No story, No tutorial, No explanation, No Checkpoints, No mercy.
“Paranautical Activity” is a game. If you are watching the screen while “Paranautical Activity” is in session, you’ll be thoroughly convinced that it is a game. Now look at the person playing the game. Look in to their cold dead eyes, and feel the pain of being in this game’s thrall. Feel it, and know true suffering. Like any rogue-like game, “Paranautical Activity” expects you to be able to let go of everything that you’ve worked for. No save points or checkpoints. You lose, and you go right back to the beginning. No exceptions. This adds a layer of challenge, but you have to wonder if it was necessary due to the already punishing gameplay.
The game is a first person shooter on the surface, in the tradition of Doom and Quake, with a Minecraftlike aesthetic. The mechanics are very basic, with a simple five button interface (Jump, Attack, Use Bomb, Use Item, and Switch Weapon). You start with a total of 4 characters, with 2 more available to unlock. Each character has a weapon set unique to that character as well as varying levels of health and money, starting out. Weapons do different levels of damage, and some have unique firing styles (the crossbow needs to be held down to fire, the grenade launcher takes time to detonate, etc.) Some are effective, and some are as useful as wet paper towels. The game starts with Classic mode, which is much like the survival mode of other games but only if those games had been jacked up on cocaine and sent screaming down the freeway. In this mode you’ll fight through 8 floors housing over 40 different enemies of varying abilities, strength, and tactics; ranging from the standard (Ninjas, Demons, Mages) to the absolutely insane (Rocket turreted flying tortoises, land sharks, giant moths); all of which requiring different tactics as well. Each floor houses a different boss, along with the same sliding scale of standard to bonkers that the regular enemies fall under; from the quantifiable, like flying whales and jellyfish to the nightmare fuel of a giant skull that vomits spiders (Because I wasn’t planning on sleeping ever again.) The variety on these bosses is on the low side, but uncertainty of each bosses’ appearance does add yet another layer of challenge to “Paranautical Activity.”
Challenge is “Paranautical Activity’s” strongest and weakest asset at the same time. The game’s easy start style, smooth framerate, and randomly generated environments and enemy spawns will undoubtedly appease the most masochistic of players, (and if not, after a couple of minutes that “dubstep soundtrack” will surely make them want to put their heads right through the drywall), but some of the difficulty can also be chocked up to poor design choices. All bombs, even their own, damages the player. When a lot of enemies rush you, and your character’s weapon is a grenade launcher it’s downright disconcerting to be forced to die by your own hand; especially when the penalty for death is so high. There’s also a damage stacking problem, where enemies can do multiple points of damage to you consecutively, and when there’s no cover system, any corridors to bottleneck foes, or even a momentary invulnerability after each hit, every room is a killbox with you in the center. This ambush system works in games like Binding of Isaac which employs an isometric viewpoint to give the player a better all around view to move around the play field strategically, but here it plays more like a first person bullet hell. An enemy will always sneak up while the player is focused on another mob, and chew through three health segments before receiving so much as an unkind look. Unlocks offset this challenge to a degree, but not to an extent that could give the player a noticeable enough advantage against the massive stack of advantages the enemies have by default.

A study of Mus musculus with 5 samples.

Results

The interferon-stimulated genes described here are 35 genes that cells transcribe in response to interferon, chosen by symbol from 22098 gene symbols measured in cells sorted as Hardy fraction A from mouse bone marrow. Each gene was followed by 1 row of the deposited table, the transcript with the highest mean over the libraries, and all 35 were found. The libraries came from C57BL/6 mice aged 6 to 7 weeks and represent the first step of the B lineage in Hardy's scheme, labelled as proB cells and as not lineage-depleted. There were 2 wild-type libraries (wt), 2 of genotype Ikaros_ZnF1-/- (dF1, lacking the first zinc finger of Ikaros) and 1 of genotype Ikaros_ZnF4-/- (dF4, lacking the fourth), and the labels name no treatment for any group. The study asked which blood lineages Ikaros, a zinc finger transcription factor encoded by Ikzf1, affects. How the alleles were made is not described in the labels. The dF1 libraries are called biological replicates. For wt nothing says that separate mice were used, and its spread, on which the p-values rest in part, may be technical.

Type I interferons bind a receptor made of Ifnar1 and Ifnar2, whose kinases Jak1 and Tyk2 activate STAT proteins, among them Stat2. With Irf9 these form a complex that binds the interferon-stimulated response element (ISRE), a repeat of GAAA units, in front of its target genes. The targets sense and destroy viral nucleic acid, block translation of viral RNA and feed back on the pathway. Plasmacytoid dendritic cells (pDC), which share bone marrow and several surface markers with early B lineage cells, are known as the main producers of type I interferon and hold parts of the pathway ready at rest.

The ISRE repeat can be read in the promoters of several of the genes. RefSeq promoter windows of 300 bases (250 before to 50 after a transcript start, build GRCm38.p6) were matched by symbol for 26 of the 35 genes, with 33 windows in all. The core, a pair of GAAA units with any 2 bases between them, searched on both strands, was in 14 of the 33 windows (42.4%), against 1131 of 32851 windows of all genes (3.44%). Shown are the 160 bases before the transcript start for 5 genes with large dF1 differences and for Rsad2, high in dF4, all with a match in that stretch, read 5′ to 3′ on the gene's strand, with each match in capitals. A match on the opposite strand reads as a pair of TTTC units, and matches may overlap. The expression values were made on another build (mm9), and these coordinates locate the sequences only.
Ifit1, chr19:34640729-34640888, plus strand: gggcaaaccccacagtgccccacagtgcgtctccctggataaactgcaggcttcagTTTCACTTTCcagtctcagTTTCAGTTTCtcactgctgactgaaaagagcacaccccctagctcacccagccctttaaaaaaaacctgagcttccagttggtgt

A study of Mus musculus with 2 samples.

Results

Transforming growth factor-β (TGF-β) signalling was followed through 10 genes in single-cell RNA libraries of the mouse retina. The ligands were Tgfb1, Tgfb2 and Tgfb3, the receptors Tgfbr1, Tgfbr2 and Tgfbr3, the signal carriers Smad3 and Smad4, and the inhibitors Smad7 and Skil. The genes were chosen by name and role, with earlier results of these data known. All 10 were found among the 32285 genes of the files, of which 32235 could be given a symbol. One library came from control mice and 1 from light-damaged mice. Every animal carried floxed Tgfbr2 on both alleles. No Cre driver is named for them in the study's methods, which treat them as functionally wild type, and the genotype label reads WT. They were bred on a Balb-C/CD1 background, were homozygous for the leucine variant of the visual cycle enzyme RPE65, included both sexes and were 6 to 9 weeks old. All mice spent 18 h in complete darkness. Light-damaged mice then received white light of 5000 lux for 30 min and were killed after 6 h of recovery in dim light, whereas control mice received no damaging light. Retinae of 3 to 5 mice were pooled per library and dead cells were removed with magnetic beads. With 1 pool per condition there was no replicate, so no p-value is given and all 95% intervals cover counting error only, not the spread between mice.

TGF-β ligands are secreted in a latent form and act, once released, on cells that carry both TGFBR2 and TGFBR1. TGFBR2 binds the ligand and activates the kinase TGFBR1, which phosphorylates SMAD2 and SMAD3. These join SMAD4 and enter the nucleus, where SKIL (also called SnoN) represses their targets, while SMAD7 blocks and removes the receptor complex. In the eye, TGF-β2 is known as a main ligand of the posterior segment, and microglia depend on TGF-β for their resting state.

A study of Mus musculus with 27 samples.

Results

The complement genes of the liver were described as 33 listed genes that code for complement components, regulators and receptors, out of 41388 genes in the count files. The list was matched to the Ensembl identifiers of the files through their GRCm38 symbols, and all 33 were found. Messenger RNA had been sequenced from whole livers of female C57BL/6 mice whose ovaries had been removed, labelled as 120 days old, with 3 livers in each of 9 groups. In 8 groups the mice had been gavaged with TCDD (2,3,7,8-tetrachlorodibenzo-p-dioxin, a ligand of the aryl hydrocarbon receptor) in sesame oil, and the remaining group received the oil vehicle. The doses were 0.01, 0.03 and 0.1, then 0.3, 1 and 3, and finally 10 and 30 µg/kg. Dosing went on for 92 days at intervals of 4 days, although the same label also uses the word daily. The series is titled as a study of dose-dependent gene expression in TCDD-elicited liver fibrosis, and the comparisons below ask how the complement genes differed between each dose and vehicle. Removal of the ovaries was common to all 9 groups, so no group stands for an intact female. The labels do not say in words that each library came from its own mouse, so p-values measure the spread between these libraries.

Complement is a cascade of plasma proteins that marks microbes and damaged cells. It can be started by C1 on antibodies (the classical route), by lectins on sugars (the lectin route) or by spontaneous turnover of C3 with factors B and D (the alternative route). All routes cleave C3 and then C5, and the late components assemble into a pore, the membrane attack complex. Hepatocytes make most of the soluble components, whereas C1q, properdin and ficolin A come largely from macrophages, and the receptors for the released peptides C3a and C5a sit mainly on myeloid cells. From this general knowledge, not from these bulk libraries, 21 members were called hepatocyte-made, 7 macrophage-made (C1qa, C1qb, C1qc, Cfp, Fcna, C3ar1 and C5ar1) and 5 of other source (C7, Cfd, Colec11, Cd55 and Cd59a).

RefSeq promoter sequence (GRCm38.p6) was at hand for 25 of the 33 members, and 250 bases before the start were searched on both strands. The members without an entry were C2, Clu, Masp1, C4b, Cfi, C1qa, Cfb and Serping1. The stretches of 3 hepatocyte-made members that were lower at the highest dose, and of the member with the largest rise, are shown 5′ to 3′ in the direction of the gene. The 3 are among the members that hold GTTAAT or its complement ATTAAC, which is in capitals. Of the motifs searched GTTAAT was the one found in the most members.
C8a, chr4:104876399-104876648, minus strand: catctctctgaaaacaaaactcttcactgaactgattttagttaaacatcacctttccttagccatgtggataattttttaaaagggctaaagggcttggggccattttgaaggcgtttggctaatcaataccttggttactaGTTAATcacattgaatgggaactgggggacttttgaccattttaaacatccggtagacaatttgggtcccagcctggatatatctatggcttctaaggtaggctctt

Still, I guess I’m a sucker for punishment or I just don’t know when to quit, because I am still playing “Paranautical Activity.” The game haunts my dreams. I still don’t know if it’s crazy hard on accident or if it is purposely challenging me to surpass my own limitations. The game may be easy to jump back in to, but it’s harder to get out of. There’s no back button on the character select screen to take you back to the main menu. Also, whenever you get to the game over screen, the only option available to you is Rematch; putting you in the awkward position of restarting the game and then quitting just to get back to the main menu. Design oversights like this reveal that despite “Paranautical Activity’s” attempts to seem just challenging, it lacks polish. I want to root for the underdog here, but it’s hard to when some of the “gameplay features” are really just design oversights.
“Paranautical Activity” is hard as hell. Hardcores will accept the challenge openly as it’s roll against loaded dice. More casual players will be a combination of frustrated, exhausted, and downright livid. Now if you’ll excuse me, there’s a giant snail with a massive skull for a shell that I owe a dance.